Our trial materials copied from the Justice and Dissent book.
The transcripts that we read in class.
I got the transcripts from Douglas Linder’s The Witchcraft Trials in Salem: A Commentary. There, you can learn more about your roles and read the transcripts of the pre-trial examinations. For example, Sarah Good was one of the accused witches. Linder’s site has a short biographical sketch of her as well as her examination: the questions the judges asked and her answers.
The process of accusing and trying a witch in 1692.
Wikipedia’s Cultural depictions of the Salem witch trials
video: History Channel’s Witch Hunt
video: In Search of History’s Salem Witch Trials
Wikipedia’s Spectral evidence
a form of evidence based upon dreams and visions. It was admitted in court during the Salem witch trials by the appointed chief justice, William Stoughton. The booklet A Tryal of Witches taken from a contemporary report of the proceedings of the Bury St. Edmunds witch trial of 1662 became a model for, and was referenced in the Trials when the magistrates were looking for proof that such evidence could be used in a court of law.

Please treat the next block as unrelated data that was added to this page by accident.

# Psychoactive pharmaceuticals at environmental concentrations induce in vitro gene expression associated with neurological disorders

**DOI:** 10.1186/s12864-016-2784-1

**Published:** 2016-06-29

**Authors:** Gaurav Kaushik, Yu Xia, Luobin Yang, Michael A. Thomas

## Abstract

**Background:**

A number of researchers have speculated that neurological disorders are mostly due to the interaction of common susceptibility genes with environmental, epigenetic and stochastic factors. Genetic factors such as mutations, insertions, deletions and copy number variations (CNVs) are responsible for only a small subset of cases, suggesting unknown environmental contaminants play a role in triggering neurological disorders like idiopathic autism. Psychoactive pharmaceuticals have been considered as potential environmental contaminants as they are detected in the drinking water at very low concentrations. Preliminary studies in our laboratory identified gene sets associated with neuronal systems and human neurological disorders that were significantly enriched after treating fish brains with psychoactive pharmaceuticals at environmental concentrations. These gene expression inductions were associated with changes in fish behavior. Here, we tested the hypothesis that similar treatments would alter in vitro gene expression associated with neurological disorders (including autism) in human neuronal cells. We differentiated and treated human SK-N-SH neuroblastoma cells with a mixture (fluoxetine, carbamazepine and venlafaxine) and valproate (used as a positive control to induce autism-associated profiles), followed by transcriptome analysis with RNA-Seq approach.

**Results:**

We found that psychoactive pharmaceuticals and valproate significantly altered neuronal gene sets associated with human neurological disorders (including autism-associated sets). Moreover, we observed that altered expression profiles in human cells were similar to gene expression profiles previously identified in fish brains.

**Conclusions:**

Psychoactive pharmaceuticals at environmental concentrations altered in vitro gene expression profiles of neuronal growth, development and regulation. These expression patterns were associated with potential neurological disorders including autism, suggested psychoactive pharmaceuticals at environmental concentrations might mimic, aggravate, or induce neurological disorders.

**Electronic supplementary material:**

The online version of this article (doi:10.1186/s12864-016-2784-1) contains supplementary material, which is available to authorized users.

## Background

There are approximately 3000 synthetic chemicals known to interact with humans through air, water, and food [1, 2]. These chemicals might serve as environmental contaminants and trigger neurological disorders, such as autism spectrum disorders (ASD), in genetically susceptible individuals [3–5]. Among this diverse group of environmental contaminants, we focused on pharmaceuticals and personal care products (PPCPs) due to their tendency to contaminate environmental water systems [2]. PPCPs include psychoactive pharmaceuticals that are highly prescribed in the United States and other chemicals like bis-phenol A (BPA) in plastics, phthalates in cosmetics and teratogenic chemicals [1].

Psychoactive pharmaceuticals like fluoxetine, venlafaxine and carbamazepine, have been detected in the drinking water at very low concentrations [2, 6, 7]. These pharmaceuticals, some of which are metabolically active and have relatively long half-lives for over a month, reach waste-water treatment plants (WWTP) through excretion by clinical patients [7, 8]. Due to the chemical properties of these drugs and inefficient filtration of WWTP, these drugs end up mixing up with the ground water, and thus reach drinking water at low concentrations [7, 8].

Spectral evidence was testimony that the accused witch’s spirit (i.e. spectre) appeared to the witness in a dream or vision (for example, a black cat or wolf). The dream or vision was admitted as evidence. Thus, witnesses (who were often the accusers) would testify that “Goody Proctor bit, pinched, and almost choked me,” and it would be taken as evidence that the accused were responsible for the biting, pinching and choking even though they were elsewhere at the time.
Thomas Brattle, a merchant of Salem, made note that “when the afflicted do mean and intend only the appearance and shape of such an one, say G. Proctor, yet they positively swear that G. Proctor did afflict them; and they were allowed to do so; as though there was no real difference between G. Proctor and the shape of G. Proctor.”
Rev. Cotton Mather argued that it was appropriate to admit spectral evidence into legal proceedings, but cautioned that convictions should not be based on spectral evidence alone as it was possible for the Devil to take the shape of an innocent person.
more on what people today believe is true
34% of people … say they believe in ghosts, according to a pre-Halloween poll by The Associated Press and Ipsos. That’s the same proportion who believe in unidentified flying objects — exceeding the 19% who accept the existence of spells or witchcraft.
The religious beliefs and practices of Americans do not fit neatly into conventional categories. A new poll by the Pew Research Center’s Forum on Religion & Public Life finds that large numbers of Americans engage in multiple religious practices, mixing elements of diverse traditions. … Many also blend Christianity with Eastern or New Age beliefs such as reincarnation, astrology and the presence of spiritual energy in physical objects. And sizeable minorities of all major U.S. religious groups say they have experienced supernatural phenomena, such as being in touch with the dead or with ghosts.